Students demand that postponed Students' Union elections go forward and new regulations give them more freedoms

Sarah Mourad, Wednesday 14 Mar 2012
Students

The protest was called three days ago on social media networks, with organisers vowing to continue the sit-in until their demands are met.

Fady Abdel Hamid, a member of the technical committee of Zakazeek University’s Students' Union said: “In March 2011, a temporary Students' Union was established. It was only for an eight-month duration as new elections were supposed to take place in November. But they just kept postponing the elections, indefinitely.”

Abdel-Hamid reveals that they are facing now a serious problem as 50-60 per cent of Students' Union members were senior students who have graduated and are no longer active. Also, about 25 per cent of the entire university’s students are newcomers who neither can participate in the union, nor have any rights. “If the situation lasts longer, we will have more inactive students,” he added.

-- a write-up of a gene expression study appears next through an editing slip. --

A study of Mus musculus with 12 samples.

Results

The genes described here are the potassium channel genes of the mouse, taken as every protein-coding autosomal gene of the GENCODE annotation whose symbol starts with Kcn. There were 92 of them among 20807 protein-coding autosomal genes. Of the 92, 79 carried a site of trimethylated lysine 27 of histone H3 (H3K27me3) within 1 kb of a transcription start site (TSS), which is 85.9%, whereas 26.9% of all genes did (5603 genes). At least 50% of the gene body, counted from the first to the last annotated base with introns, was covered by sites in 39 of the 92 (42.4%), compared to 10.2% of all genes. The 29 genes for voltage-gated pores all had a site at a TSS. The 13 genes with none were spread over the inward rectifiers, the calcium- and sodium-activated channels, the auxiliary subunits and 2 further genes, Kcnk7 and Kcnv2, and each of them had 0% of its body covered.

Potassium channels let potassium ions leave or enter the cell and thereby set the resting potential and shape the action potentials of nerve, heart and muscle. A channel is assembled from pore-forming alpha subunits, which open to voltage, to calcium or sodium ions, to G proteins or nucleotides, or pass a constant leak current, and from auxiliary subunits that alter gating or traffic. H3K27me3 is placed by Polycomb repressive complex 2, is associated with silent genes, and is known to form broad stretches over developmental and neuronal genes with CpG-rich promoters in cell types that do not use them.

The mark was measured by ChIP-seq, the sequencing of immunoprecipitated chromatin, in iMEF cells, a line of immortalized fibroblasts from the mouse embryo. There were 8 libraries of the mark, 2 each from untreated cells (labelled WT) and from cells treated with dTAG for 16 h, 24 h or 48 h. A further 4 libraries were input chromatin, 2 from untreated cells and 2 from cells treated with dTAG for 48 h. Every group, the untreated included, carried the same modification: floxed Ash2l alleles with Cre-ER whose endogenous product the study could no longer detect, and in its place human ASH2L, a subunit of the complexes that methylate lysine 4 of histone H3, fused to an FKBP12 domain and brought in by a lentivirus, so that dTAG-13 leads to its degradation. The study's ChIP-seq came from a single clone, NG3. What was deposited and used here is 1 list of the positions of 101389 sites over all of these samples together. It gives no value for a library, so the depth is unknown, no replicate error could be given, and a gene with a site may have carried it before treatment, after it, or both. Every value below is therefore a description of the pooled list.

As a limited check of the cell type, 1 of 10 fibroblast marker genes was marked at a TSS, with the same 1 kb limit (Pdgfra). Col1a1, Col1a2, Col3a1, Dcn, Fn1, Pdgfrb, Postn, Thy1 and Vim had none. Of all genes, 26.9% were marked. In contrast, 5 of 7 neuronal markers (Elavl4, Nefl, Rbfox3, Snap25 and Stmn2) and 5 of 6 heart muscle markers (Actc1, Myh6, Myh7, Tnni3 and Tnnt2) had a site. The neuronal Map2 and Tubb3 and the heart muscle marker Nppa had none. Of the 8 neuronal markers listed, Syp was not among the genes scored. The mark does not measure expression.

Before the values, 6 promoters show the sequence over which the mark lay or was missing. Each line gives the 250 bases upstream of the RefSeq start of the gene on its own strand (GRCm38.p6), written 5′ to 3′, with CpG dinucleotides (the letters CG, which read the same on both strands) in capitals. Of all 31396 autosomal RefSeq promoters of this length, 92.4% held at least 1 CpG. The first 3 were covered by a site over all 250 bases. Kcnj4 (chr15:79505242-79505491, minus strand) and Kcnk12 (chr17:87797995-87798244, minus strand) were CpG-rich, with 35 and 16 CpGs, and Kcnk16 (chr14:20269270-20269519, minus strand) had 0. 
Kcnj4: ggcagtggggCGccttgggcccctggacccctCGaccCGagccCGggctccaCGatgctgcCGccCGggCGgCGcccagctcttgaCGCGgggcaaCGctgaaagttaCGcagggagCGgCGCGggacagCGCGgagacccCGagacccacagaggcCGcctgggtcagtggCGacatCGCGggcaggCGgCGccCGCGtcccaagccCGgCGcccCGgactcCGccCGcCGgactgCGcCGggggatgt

The maximum time for postponing elections is eight weeks, though they have been postponed for almost four months for no apparent reason.

Maysara — a student in Al-Azhar University — says the regulations need to be changed in order to also give students more prerogatives. “We are almost not authorised to do anything. We have to go through very long procedures in order for the Students’ Union to be able to create any project.

“We do not even have any representatives on the college board. Legally, the Students’ Union mandate ended last November,” Maysara added. “We sometimes have to pay for certain events, since the college’s budget for the Students' Union is always insufficient. All this has to be changed,” he said.

Mahmoud Raafat, an engineering student in Banha University, revealed that reforms have been on the table since since March 2001, but the changes that were made were very slight and insignificant.

“The laws of electing Students' Unions, methods of electing the General Union of Egyptian Universities, all needs to be changed. We are also asking for allowing the participation of Students' Union presidents in parliament, as spokesmen of students,” he added.

At 2:30pm, it was said among protestors that the minister of hgher education, Hussein Khaled, was going to respond to protestors’ demands at a defined time. Nothing has happened yet, and so the students remain in protest.